In times of crisis or business challenges, in particular, these challenges increase as your team may be scattered to remote workplaces or slammed with emergency responses, so you might not have the ability to create posts or responses together.
It is essential to ensure you’ve built flexibility into your brand platform. For example, requiring a 24-hour review period risks sacrificing all the potential gains a post can generate.
So, how do you do this?
There’s no magic solution to using all the social media platforms all of the time with all of the best content. However, there are ways to streamline your efforts into a manageable and realistic strategy that helps you towards your goals.
The first step to getting social media under control is to have a complete picture of the playing field.
- Profiles: Create and maintain an inventory of all your consumer-facing profiles.
- Audit your strategy: Does it really make sense to be on all the platforms? When the latest new platform bursts onto the market, should you jump in? Take the time to think through what you’re trying to do, which audience best serves that purpose, and what kind of time you can realistically dedicate.
These are foundational elements you need in place for a successful social media engagement plan.
- Objectives: Identify your business objectives for each platform. It’s better to do a couple things really well than try to do everything poorly.
- Social Media Policy: Have a clear and easy to understand social media policy in place.
- Designated Team: Have a designated posting plan, identifying who is responsible for which platforms. These team members are then either responsible for creating the posts themselves or ensuring posts are getting created and posted.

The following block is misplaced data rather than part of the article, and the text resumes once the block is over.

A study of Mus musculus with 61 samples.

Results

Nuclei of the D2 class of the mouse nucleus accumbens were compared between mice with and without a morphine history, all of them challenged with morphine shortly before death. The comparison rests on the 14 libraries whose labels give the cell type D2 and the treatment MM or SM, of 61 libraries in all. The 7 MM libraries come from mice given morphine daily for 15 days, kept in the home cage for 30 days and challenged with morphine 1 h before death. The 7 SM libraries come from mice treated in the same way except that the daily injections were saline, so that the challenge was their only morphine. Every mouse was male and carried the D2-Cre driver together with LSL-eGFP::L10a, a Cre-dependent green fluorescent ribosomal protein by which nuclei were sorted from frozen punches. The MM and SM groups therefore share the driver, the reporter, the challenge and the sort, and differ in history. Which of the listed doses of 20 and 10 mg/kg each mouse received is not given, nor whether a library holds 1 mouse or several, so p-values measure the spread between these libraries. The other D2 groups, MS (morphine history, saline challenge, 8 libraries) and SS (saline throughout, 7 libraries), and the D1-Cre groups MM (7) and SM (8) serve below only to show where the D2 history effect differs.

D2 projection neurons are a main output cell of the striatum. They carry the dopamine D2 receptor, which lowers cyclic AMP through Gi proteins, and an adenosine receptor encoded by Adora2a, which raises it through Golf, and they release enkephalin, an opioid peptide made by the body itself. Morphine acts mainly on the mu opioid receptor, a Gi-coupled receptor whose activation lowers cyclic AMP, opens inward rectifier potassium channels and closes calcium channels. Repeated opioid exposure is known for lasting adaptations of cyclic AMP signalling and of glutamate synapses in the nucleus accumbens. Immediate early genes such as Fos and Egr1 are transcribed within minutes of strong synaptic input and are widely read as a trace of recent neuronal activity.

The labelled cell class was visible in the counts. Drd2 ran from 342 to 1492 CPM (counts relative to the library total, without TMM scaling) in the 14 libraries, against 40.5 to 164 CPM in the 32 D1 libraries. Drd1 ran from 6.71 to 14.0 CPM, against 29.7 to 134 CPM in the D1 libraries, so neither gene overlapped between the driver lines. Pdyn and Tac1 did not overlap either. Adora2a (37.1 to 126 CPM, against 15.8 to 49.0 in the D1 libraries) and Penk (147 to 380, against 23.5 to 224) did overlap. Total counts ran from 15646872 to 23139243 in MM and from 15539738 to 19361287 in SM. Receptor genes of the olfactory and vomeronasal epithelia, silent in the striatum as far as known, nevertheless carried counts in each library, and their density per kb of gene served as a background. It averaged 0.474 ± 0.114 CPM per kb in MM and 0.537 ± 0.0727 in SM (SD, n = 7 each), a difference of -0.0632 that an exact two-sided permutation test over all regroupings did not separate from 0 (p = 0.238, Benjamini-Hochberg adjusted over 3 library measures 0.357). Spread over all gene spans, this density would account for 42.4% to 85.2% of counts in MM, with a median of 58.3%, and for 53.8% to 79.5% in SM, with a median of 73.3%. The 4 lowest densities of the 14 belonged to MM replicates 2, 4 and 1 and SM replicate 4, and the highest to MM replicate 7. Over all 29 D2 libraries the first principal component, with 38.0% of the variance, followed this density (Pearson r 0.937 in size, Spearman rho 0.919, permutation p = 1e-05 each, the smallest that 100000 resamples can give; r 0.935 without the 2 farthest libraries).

- Social Media Toolkit: Provide a social media toolkit for your posting team with a list of available resources for posting and tracking, brand imagery, stock photos, fonts, etc..
- Follow Lists: Create pre-built lists of organizations, brands, and influencers that align with your brand and goals. This allows for quick engagement on topics for you to comment on, share, and re-post.
- Cleanup: Facebook, Twitter, Instagram, Snapchat, YouTube, LinkedIn, Pinterest, TikTok…you get the point. While there is no shortage in platform options, there is usually a significant shortage in your business’s time to monitor and maintain them. You don’t have to be everywhere, but you do have to be somewhere. If you’re overwhelmed, Facebook, Twitter and LinkedIn are a good foundation on which to build.
Your team has been pointed in the right direction and they have a structure in which to post effectively. With this foundation in place, you should be able to allow more flexibility into your posting. (Note: this won’t be 100 percent perfect, and that’s ok.)
- Editorial Calendar: Have your team create a monthly editorial calendar with your major goals and areas of focus driving content ideas.
- Test: New platforms and changes to existing platforms offer endless options. Designate some time each month to testing new technologies and ideas. The fit what works into your existing strategy.
- Crisis Posting: In a crisis, it is easy to lose your cool and panic. Before panic posting, stop and revisit your core mission and values, aligning your updated messages and viewpoint to maintain brand consistency. (Also read Communicating effectively in times of uncertainty)
Connecting with audiences in whatever social media space they are is an amazing opportunity. In reality, however, choosing a few you can maintain consistently is the next best thing.
Once you’ve cleaned up your social media presence and established a streamlined updating plan, you’ll find yourself in a much better position for not only achieving your goals, but finding new ideas, capturing new opportunities, and proactively addressing potential issues. This can ultimately lead to better engagement with your customers and create a completive advantage over your competition.
START UPDATING YOUR SOCIAL MEDIA STRATEGY.